In the face of plummeting booking requests due to shelter-at-home orders, Airbnb CEO Brian Chesky is pulling out all the stops to help the company weather a drop in revenue and avoid layoffs.
First reported by The Information on Friday, a source within Airbnb said Chesky announced his two-step plan to save money in a conference call with the company’s more than 7,000 employees. The first round of cost-saving measures will take place at the executive level, with Chesky and co-founders Joe Gebbia and Nathan Blecharczyk eliminating their salaries for the rest of the year. Alongside their pay cuts, other executive team members’ pay will be slashed in half.
The second and largest cost-saving measure will come from the elimination of Airbnb marketing, which should keep approximately $800 million in the company’s coffers until the pandemic ends and bookings rebound. Lastly, Chesky noted the possibility of layoffs but hoped to avoid taking that route.
Despite a drastic change in business protocol, the source told The Information the CEO seemed optimistic about Airbnb’s short-term survival plan.
“This may change some habits. This may change business travel. This may change a little bit how people work. But this isn’t going to change human nature. Human nature has existed long before Zoom and long before the coronavirus,” Chesky said while noting he expects bookings to pick up next year.
In addition to capping expenses, the company is allegedly preparing for another funding round, according to a report by CNBC. The company has raised $4.4 billion since 2008, with the latest round raking in $447.8 million at a $30 billion pre-money valuation.
Although Airbnb refused to comment, early Airbnb investor Ron Conway told the outlet he’s been referring inquiries to Airbnb from “several large and sophisticated investors” who also believe in the short-term rental giant’s ability to recover from a coronavirus-induced downturn.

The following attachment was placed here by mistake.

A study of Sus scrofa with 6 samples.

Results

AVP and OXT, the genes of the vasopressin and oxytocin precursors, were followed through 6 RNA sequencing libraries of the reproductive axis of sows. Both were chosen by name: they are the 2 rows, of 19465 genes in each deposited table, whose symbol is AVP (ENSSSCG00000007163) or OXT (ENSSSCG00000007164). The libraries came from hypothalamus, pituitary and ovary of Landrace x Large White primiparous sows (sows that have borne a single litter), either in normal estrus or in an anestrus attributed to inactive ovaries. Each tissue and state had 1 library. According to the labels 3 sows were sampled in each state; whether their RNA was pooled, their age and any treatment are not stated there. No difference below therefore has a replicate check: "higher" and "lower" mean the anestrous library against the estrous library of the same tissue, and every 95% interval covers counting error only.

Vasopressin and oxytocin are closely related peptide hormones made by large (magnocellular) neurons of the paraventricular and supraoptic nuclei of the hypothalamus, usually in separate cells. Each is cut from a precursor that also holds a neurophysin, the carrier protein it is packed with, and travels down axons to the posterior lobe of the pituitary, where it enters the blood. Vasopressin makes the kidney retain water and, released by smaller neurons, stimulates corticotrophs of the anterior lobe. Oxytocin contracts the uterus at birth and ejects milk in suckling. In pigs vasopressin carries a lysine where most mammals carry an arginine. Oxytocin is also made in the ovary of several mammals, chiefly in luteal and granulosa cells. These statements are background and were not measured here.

“Those investors are calling me saying, I hope Airbnb is raising right now because if they are, I want a seat at the table,” Conway told CNBC. “A lot of them are ones that went through the dotcom crash with me back in 1999 and 2000. They’re the same people who were very wise and invested in companies like Google, Amazon and Apple. They’re saying, coming out of this downturn, it’s going to be companies like Airbnb that will be huge huge market performers.”
“I would highly expect that they would use some very good market technique to gain market share coming out of this,” Conway added. “Their growth rate was already much higher than their competitors. Now, everyone in the travel industry is reeling but Airbnb, with that management team, will be much more nimble coming out of this trauma.”
Although Airbnb is seemingly poised to breeze through a downturn, other companies may not be so lucky — last week, Airbnb-backed boutique hotel Lyric announced a significant cut-down, with the majority of its 100-person staff and 400 leases in upscale apartment complexes would be eliminated.
“[We have] made the difficult decision to reduce our operations,” Lyric CEO Andrew Kitchell told The Real Deal. “We know this is a very unsettling time for everyone, and our hearts go out to all of those affected by these unprecedented circumstances.”